INDIANAPOLIS, Ind.– The boss at Indianapolis public housing said he didn’t know why one of his agency’s affiliated entities was buying up distressed properties in the vicinity of West 30th Street and Dr. Martin Luther King, Jr. Street.
Today, Indianapolis Housing Agency (IHA) Director John Hall and the IHA Board of Commissioners were apprised of the someday plans for that neighborhood by Insight Development, its autonomous development arm.
Insight President Jennifer Green told Hall and commissioners that she approved down payments and purchases of the former Mustang Ranch and an abandoned retail center in the “MLK Corridor” for undetermined eventual multi-family affordable housing, community service and economic development.
In January, two months before Hall’s arrival to take over the troubled public housing agency, Green signed off on a $50,000 down payment for the former Mustang car repair shop at 3017 MLK with the intention, she told commissioners today, of turning it into an automotive repair training center along with housing.
In March, just as Hall was coming on the job, Insight and its development partner, NWQOL Holding Company, took out a $225,000 mortgage to buy an empty and dilapidated retail center across the street which Green said would someday also be a site for housing.
Green said that the owner of the Mustang Ranch wanted to sell his property to a buyer that would commit to economic development along the MLK Corridor and she likened the potential investment to a recent $400,000 Insight grant to open Cleo’s Bodega at Flanner House, a fresh market to address food desert issues in the surrounding community.
Commissioner Sherry Seiwert endorsed the development plans as “great” for the traditionally under-served and under-capitalized area.
Such investments of public funds could be expected to generate private investment and development on the properties adjoining the Insight purchases and enhance their values.
Green told commissioners that Insight has renovated and sold four properties in the greater northwest side community, has two more on the market and has retained funding to undertake construction on two additional houses.
Commissioners also learned that IHA revenue projections are still off by nine percent this year owing to excessive vacancy rates across its apartment complexes.
Hall said that occupancy has climbed to 91% since his arrival, which is still seven percent below federal public housing guidelines and IHA’s own projections to balance its 2019 budget.
Forty-five units available for leasing remained empty last month despite the thousands of potential residents on IHA waiting lists.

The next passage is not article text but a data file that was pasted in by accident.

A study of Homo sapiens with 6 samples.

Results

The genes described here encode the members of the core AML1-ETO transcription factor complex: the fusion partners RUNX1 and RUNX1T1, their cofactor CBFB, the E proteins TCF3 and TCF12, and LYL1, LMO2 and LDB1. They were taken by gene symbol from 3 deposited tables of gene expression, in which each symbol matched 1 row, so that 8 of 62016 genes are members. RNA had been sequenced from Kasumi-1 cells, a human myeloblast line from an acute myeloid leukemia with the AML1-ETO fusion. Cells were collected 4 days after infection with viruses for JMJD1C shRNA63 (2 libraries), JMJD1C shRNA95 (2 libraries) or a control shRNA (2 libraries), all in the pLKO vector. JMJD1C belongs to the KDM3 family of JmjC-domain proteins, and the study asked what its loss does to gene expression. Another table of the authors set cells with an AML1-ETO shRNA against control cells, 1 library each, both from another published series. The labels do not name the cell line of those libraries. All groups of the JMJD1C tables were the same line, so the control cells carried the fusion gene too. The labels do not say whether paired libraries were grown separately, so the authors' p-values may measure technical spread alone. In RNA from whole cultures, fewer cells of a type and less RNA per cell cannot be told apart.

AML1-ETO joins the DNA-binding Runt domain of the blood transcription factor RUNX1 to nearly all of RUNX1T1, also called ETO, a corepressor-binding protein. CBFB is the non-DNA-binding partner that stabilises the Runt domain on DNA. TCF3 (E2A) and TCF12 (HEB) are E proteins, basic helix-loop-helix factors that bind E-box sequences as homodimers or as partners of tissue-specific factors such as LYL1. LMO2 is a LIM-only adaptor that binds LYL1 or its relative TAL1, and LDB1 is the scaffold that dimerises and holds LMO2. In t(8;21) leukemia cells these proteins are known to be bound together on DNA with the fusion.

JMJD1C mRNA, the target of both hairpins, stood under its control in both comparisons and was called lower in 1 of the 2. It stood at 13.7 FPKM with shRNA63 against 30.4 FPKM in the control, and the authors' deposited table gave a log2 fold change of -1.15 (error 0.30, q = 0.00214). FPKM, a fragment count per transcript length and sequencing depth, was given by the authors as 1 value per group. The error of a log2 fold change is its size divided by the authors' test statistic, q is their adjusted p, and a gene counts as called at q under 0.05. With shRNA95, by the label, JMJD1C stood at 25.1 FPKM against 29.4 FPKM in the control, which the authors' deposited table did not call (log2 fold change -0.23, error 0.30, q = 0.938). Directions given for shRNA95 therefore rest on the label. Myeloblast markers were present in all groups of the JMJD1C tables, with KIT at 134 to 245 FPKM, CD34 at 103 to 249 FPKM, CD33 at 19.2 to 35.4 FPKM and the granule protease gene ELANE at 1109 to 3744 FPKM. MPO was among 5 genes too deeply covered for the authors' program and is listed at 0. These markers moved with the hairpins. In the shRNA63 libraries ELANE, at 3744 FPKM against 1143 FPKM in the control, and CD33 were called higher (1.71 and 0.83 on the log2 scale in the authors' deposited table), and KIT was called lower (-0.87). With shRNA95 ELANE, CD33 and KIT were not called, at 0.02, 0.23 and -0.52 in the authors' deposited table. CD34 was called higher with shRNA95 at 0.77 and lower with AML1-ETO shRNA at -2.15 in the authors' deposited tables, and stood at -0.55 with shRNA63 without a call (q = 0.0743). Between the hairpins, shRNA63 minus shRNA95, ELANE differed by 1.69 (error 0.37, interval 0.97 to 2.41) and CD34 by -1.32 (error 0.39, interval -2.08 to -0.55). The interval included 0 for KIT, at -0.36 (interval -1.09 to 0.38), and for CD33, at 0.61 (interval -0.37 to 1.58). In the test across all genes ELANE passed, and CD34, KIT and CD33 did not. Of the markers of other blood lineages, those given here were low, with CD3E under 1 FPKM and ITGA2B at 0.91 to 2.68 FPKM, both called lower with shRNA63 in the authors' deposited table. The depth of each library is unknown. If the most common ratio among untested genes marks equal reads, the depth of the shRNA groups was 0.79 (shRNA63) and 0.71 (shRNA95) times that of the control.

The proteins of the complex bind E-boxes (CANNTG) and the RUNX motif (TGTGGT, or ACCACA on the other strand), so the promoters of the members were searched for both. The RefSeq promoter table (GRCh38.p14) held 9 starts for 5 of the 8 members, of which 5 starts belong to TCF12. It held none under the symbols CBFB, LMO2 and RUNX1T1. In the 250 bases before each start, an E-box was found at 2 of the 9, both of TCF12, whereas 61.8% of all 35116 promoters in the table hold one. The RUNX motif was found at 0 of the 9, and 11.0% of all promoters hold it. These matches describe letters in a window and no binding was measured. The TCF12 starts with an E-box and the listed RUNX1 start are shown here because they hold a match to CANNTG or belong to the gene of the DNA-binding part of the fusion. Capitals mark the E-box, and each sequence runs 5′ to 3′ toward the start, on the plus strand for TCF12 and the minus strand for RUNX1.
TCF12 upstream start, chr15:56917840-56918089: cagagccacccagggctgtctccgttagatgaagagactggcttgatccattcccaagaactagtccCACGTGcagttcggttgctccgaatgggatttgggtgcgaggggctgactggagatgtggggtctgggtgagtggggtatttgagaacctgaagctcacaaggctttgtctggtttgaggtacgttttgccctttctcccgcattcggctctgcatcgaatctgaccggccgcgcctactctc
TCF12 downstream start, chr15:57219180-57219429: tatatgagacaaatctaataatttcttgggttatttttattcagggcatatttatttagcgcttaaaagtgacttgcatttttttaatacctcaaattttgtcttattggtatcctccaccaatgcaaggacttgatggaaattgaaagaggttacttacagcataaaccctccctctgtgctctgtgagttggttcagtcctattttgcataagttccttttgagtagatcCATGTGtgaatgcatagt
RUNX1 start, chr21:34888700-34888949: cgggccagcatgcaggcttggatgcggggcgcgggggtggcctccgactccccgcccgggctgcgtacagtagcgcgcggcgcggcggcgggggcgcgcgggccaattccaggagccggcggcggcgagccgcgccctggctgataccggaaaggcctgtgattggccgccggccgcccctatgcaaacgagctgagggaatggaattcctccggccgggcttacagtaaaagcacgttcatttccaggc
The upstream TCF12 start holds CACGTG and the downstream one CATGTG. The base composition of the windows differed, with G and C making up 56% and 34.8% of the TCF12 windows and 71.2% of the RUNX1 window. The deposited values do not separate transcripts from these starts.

Twenty units inside the Barton Tower and Concord properties have been empty for two years or more.
Hall said he has improved management training and is in the final stages of adding four new members to his administrative team after his arrival coincided with the departure of key IHA administrative staff and property manager.
IHA is owed more than a million dollars by tenants for back rent, 90% more than 60 days overdue. $2.8 million in property improvements are on tap by the end of this year.
Hall said that while he has funding for adding one thousand new residents to IHA’s Section 8 rental assistance program, he expects only about 300 new recipients will find themselves in government assisted private housing by January 1.
Recent federal inspections of properties and management reveal the agency is “gaining momentum” to meet U.S. Housing and Urban Development guidelines for public housing, according to Hall, even though the agency will soon be removed as manager as the Georgetown Apartments on the northeast side due to longstanding oversight and operational deficiencies.
Of IHA’s 351 surveillance cameras, 343 are working. All crime is down 13% throughout IHA.
Indianapolis Mayor Joe Hogsett recently told CBS4 that he stands behind Hall and his efforts to turn around the troubled agency.
“To the extent that there are people who are not supportive of John’s reformation, that needs to change because the agency is an important agency to the city and John has been brought in to reform it.”
Hogsett recently called for outside counsel to be retained to exam an allegation of a personal slur directed at Hall by a member of the Insight Board who allegedly disparaged the director’s campaign to fix the agency.
The IHA Commissioners approved a contract not to exceed $20,000 to hire an outside legal firm to undertake unspecified work.
The mayor also said he would ask the Indy Chamber to conduct an organizational review of IHA and Insight Development.
Hogsett noted that while Insight is an independent entity, it operates and serves at the pleasure of the IHA Board and Hall.